With the publication of these two books, all three outstanding figures of the Nation of Islam (Elijah Muhammad, Malcolm X, Louis Farrakhan) are the subjects of top-notch, if overly sympathetically, full-length biographies.1
Elijah Muhammad has hitherto been the most obscure of the trio, a quiet, even shadowy figure far less conspicuous to the outside world than either of his spokesmen. Clegg establishes, however, that contrary to the almost universal opinion of outsiders, Muhammad had much more importance and power within the movement than either of the younger men-or anyone else, for that matter. His biography, the best volume ever written on the Nation of Islam, relies on a broad and impressive array of original documents, such as the will bequeathing Muhammad's slave grandfather from a father to his daughter and the extensive FBI records pertaining to the Nation of Islam. Perhaps most fascinating and original is Clegg's argument that no matter how radical Muhammad's rhetoric seemed, he had by 1960 become the captive of his own avarice, and that this imposed an operational conservatism, even a timidity, quite at odds with his fire-breathing talk. Interestingly, Clegg attributes this change in part at least to Muhammad's 1959-60 trip to the Muslim world, where he was appalled by the poverty and filth; henceforth, he stopped portraying the "Holy Land of Islam" as a place infinitely superior to the United States that would save American blacks. This implied a decrease in revolutionary expectations and more stress on the message of economic self-improvement.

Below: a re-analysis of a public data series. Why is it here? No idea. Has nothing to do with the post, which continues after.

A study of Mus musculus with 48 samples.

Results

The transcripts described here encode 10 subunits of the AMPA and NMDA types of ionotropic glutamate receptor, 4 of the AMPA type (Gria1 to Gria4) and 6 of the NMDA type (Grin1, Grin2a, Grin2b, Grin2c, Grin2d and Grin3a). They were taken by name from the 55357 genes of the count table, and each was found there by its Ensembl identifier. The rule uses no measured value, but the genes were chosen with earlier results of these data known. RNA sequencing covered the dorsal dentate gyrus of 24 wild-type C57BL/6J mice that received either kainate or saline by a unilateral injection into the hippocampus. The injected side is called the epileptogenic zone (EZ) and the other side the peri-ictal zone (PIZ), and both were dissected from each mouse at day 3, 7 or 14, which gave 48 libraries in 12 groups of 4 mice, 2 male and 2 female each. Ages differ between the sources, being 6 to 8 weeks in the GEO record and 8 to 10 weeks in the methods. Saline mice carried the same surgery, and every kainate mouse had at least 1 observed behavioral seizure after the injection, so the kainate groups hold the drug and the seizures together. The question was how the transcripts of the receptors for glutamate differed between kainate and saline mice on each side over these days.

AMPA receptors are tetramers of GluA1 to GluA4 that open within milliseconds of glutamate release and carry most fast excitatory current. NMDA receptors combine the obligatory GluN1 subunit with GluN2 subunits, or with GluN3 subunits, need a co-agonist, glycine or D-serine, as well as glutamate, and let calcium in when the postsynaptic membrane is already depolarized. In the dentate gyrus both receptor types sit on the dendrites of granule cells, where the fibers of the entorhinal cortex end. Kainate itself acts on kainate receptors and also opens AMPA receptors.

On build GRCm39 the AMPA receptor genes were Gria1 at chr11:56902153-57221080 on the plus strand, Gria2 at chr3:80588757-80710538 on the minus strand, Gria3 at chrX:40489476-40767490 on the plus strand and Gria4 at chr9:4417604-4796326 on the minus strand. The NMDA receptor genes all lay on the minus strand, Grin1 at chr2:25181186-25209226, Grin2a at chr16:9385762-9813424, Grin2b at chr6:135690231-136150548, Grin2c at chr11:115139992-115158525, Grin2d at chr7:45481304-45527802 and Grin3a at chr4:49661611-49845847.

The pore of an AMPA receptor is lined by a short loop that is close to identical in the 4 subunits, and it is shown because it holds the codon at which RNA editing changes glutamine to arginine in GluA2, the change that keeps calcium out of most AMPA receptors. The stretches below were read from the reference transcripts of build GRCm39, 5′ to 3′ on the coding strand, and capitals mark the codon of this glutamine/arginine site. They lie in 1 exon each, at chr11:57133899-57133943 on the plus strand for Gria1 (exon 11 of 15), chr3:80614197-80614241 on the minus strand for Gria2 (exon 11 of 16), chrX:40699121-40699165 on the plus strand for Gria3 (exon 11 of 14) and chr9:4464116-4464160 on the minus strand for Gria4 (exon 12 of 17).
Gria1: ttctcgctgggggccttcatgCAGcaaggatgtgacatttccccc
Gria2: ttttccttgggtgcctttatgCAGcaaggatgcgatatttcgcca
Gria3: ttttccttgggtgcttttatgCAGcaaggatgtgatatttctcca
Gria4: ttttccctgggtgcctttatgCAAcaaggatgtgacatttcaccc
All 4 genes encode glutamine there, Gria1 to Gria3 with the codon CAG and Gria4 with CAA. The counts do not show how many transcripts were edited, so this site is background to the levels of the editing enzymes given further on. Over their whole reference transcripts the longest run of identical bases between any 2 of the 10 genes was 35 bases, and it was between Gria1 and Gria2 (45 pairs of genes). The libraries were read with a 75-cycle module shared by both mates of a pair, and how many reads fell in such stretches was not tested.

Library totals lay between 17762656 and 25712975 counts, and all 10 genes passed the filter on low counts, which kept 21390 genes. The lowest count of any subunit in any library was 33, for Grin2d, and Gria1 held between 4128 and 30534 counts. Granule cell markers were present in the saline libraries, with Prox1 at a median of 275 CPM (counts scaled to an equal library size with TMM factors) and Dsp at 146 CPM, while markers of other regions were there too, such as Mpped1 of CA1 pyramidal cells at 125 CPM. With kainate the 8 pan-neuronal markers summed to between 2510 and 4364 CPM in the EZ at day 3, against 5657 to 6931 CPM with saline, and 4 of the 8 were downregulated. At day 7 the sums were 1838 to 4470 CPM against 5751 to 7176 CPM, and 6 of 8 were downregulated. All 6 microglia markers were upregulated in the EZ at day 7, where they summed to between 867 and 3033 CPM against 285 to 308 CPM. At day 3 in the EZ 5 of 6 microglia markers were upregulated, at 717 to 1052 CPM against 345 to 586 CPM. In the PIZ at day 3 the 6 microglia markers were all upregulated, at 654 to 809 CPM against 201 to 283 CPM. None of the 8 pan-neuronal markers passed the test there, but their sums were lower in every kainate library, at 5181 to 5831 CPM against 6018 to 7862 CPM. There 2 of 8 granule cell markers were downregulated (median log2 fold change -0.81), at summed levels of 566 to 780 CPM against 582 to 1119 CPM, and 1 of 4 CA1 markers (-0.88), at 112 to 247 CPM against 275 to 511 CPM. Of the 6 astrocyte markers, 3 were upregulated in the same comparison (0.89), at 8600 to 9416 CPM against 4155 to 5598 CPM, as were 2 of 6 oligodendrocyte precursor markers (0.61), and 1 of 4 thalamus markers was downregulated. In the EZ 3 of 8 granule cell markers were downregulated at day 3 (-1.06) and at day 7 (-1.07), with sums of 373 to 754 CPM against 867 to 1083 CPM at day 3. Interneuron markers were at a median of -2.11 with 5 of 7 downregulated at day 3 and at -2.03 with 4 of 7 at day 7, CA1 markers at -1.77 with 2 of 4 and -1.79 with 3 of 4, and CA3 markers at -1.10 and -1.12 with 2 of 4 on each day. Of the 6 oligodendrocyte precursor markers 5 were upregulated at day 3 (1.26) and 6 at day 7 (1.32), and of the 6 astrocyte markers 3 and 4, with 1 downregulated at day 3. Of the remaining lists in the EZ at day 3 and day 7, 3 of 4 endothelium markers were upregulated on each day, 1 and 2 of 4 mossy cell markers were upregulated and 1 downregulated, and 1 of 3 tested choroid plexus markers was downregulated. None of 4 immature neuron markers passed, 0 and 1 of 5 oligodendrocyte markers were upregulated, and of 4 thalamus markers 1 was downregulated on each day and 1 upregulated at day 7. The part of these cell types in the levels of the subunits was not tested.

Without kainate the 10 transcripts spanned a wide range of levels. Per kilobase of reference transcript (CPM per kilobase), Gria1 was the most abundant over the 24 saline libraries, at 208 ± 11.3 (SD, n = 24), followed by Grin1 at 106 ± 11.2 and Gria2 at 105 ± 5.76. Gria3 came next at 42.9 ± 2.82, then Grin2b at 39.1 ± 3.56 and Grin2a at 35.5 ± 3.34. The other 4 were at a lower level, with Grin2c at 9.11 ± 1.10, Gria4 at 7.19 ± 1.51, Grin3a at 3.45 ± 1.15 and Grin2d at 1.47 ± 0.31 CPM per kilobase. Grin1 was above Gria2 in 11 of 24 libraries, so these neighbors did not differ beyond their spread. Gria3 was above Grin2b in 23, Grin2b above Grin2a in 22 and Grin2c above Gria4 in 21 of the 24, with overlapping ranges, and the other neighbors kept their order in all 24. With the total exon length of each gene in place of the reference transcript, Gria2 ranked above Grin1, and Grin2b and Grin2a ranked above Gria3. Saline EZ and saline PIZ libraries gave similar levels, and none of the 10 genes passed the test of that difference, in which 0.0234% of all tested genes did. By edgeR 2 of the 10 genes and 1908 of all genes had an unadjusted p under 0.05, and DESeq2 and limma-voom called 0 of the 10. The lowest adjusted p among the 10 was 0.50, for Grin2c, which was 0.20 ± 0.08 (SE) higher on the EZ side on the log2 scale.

Contrary to Elijah Muhammad, Malcolm X has won more than his due share of attention. But he gained renown mostly for reasons having to do with his personal odyssey from petty thief to political figure of international stature, his black nationalism, and his scintillating rhetoric-not because he was a key figure in the growth of Islam in the United States. DeCaro fills this gap with an intelligent focus on his "religious life." Like Clegg, he relies on extensive research of primary documents; he finds much that is new about the man he terms a "religiously driven revolutionist." In particular, he shows where Malcolm X's famous Autobiography is either lacking important information or slanted to make a point: what Malcolm X actually did during his last year (after leaving the NOI and becoming a mainstream Muslim) and the parallels in Malcolm X's dual conversion (to the NOI, to Islam). From an Islamic viewpoint, On the Side of My People is of special interest for the way DeCaro pulls apart the myth Malcolm X had propagated about having learned of mainstream Islam only on reaching Mecca in April 1964; in fact, we find out here, he had for many months, even years, been tending in that direction. Reaching Mecca for Malcolm X was less a revelation than an opportunity to come out of the religious closet.
1 The third is Mattias Gardell, In the Name of Elijah Muhammad: Louis Farrakhan and the Nation of Islam (Durham, N.C.: Duke University Press, 1996), reviewed in the MEQ, March 1997, pp. 91-92.